Montenegro convicts opposition leaders and ‘Russian spies’ over coup plot
Kremlin denies role in 2016 plan to kill Balkan state's leader and stop Nato accession
A police officer stands guard in front of the high court in Podgorica, Montenegro on Thursday. Photograph: Boris Pejovic/EPA
A court in Montenegro has convicted 13 people of involvement in a 2016 coup plot, including two of the country’s opposition leaders and two alleged Russian intelligence officers.
They were sentenced to up to 15 years in jail for planning to storm Montenegro’s parliament, kill its then prime minister Milo Djukanovic and install a pro-Moscow government to stop the country joining Nato.
The accused rejected the allegations as an elaborate fantasy dreamed up by Mr Djukanovic and his allies to retain power and boost their pro-western credentials, and the Kremlin has denied being part of any such conspiracy.
The two alleged officers of Russian military intelligence (GRU), who were named in court as Eduard Shishmakov and Vladimir Popov, were found guilty in absentia and sentenced to 15 and 12 years in prison respectively.
Prosecutors said the pair recruited Montenegrins and Serbs to stage the coup after parliamentary elections on October 16th, 2016, but it unravelled when a member of the group, Bratislav Dikic, was arrested the night before the election as he entered Montenegro from Serbia.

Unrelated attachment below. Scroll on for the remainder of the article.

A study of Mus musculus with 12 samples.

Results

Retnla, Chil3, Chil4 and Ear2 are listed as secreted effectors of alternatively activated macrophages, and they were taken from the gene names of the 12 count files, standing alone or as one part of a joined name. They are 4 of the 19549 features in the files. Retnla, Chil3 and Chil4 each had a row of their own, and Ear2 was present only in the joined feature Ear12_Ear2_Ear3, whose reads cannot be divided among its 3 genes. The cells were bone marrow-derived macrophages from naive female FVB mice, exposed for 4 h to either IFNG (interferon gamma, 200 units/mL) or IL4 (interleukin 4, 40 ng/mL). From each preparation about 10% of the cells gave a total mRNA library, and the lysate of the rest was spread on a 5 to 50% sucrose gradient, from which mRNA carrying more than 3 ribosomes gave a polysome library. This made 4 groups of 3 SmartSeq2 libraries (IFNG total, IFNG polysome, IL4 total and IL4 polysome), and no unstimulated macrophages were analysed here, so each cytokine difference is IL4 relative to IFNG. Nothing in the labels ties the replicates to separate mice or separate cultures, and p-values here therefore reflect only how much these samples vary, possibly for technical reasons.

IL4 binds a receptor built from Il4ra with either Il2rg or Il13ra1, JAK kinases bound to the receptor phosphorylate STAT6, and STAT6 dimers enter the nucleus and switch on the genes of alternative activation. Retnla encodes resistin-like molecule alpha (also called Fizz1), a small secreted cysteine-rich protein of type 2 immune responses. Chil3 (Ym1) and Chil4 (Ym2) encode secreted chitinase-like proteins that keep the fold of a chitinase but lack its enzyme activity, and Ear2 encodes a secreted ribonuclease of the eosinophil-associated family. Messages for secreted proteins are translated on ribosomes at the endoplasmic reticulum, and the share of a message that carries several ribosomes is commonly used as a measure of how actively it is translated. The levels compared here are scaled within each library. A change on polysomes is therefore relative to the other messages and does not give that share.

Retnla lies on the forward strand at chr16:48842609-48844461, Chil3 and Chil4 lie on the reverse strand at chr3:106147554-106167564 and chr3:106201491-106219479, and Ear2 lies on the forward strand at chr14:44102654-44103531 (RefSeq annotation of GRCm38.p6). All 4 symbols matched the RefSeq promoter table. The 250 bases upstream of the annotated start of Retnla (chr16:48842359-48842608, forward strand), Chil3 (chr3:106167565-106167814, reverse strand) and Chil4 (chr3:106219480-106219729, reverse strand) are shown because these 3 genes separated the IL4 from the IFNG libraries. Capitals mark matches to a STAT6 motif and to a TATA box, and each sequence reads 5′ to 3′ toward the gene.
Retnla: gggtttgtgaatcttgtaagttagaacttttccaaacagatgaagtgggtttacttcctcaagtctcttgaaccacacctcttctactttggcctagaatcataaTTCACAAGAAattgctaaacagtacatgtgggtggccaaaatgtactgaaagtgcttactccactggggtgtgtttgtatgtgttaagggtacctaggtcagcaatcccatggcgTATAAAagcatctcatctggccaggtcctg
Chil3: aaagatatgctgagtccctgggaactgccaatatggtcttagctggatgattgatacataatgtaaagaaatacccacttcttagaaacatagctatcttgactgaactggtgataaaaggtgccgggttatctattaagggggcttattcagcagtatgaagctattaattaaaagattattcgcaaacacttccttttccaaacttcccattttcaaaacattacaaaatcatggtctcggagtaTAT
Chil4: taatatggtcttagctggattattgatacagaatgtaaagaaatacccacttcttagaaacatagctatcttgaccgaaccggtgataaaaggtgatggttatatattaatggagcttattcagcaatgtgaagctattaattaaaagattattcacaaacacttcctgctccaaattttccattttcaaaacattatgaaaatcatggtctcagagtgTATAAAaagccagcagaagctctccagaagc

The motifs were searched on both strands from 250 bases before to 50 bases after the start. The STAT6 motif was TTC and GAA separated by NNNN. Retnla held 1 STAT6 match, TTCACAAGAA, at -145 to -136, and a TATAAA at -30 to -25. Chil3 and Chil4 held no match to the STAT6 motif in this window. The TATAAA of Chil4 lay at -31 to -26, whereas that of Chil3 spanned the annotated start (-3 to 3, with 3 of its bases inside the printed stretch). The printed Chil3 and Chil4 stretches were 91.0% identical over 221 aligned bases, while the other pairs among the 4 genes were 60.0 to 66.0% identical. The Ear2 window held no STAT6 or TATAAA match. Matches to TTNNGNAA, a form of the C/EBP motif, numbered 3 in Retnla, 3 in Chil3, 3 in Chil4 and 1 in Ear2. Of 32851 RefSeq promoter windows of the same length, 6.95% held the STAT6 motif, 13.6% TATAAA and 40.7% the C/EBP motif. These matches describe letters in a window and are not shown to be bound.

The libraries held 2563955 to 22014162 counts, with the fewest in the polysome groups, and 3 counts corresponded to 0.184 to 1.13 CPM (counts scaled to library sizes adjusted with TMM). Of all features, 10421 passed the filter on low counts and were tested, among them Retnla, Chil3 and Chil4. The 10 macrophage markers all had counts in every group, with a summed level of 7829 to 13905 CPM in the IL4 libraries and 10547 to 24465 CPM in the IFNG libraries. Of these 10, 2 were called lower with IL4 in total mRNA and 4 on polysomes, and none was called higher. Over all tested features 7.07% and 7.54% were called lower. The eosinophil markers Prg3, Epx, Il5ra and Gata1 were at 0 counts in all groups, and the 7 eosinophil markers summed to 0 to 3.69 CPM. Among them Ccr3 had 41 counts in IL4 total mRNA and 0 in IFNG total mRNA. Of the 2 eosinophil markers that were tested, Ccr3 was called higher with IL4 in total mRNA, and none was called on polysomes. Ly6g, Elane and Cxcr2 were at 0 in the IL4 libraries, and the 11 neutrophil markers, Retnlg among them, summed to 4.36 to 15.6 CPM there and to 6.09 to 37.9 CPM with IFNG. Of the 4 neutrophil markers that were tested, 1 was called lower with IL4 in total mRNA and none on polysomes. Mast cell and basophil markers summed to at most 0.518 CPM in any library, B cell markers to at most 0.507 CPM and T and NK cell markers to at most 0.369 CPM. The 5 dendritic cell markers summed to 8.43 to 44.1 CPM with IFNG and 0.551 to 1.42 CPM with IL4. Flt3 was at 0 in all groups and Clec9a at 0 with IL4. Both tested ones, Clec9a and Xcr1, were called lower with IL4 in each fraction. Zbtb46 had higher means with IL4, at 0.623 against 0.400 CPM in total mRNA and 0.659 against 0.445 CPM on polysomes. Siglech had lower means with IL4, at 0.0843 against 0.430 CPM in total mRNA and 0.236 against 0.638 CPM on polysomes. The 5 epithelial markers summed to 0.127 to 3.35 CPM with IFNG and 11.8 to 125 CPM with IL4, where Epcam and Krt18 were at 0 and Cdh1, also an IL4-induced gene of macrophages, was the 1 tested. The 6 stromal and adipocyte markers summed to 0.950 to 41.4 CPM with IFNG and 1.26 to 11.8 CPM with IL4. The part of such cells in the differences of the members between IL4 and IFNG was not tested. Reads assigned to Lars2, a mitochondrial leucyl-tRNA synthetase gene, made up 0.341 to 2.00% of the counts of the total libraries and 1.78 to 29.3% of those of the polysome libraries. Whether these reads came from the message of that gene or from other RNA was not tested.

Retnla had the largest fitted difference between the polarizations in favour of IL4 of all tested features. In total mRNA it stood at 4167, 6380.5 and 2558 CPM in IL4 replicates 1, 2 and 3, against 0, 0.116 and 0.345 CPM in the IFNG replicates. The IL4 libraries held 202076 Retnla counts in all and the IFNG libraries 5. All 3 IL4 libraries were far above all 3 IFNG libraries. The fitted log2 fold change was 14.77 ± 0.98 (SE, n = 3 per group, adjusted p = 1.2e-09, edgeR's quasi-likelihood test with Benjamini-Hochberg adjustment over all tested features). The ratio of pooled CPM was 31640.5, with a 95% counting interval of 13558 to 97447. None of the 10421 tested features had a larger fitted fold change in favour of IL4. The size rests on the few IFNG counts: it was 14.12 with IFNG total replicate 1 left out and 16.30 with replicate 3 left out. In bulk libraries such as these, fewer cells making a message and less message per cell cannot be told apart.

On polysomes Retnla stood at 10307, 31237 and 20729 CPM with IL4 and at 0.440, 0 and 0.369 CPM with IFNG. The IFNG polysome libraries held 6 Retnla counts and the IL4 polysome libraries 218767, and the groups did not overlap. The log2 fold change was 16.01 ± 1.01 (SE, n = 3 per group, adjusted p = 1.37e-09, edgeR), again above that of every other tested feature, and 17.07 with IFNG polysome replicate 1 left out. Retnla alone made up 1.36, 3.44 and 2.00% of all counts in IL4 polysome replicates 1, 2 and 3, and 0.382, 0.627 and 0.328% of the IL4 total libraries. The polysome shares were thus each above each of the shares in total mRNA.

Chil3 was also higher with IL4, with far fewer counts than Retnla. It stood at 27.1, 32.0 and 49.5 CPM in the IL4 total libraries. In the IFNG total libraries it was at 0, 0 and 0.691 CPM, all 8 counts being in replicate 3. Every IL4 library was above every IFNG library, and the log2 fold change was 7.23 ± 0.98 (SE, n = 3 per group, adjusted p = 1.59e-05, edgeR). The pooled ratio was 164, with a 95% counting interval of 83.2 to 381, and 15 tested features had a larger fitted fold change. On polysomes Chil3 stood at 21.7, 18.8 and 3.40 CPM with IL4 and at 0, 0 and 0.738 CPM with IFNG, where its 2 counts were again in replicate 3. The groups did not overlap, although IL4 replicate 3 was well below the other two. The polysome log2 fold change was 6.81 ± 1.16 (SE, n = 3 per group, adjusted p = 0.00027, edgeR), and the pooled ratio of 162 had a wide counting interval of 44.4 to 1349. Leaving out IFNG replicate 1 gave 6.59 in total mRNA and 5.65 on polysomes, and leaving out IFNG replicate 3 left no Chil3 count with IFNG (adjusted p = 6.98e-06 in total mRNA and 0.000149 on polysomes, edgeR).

Mr Dikic, the former leader of a Serbian special police unit, said at the time that he was on his way to visit a monastery and was framed by police who planted evidence in his car. He was sentenced to eight years behind bars on Thursday.
Andrija Mandic and Milan Knezevic, leaders of the Democratic Front opposition alliance, each received five-year jail terms after what they called a political trial ordered by Mr Djukanovic, who has dominated Montenegro’s politics for three decades and is now its president.
Montenegro became Nato’s 29th member in 2017, further strengthening the alliance’s position in the wider Mediterranean region and dealing a blow to Russia’s hopes of regaining influence in the Balkans.
Critics of the trial noted that prosecutors could not produce the alleged plotters’ weapons, and key witness Aleksandar Sindjelic recently went on Serbian television to contradict his testimony and deny that a coup had been planned.
Mr Sindjelic, a radical Serb nationalist who became a protected witness in the case, told the court that the Russians had recruited him and provided money for weapons and other equipment for the gang.
Surveillance photos taken in a Belgrade park showed Mr Sindjelic talking to Mr Shishmakov and Mr Popov and the two Russians sitting together on a bench.
Montenegrin officials say Mr Shishmakov served as Russia’s deputy military attache in Poland before being expelled for spying in 2014, and travelled to the Balkans with a Russian passport in the name of Eduard Shirokov.
The Bellingcat investigative group identified Mr Popov as a GRU officer whose real name is Vladimir Moiseyev.
Media in Serbia say the country quietly deported several unidentified Russians shortly after Montenegro’s election, at around the time that Nikolai Patrushev, the influential secretary of Russia’s security council, paid a previously unannounced visit to Belgrade to meet Serbian president Aleksandar Vucic.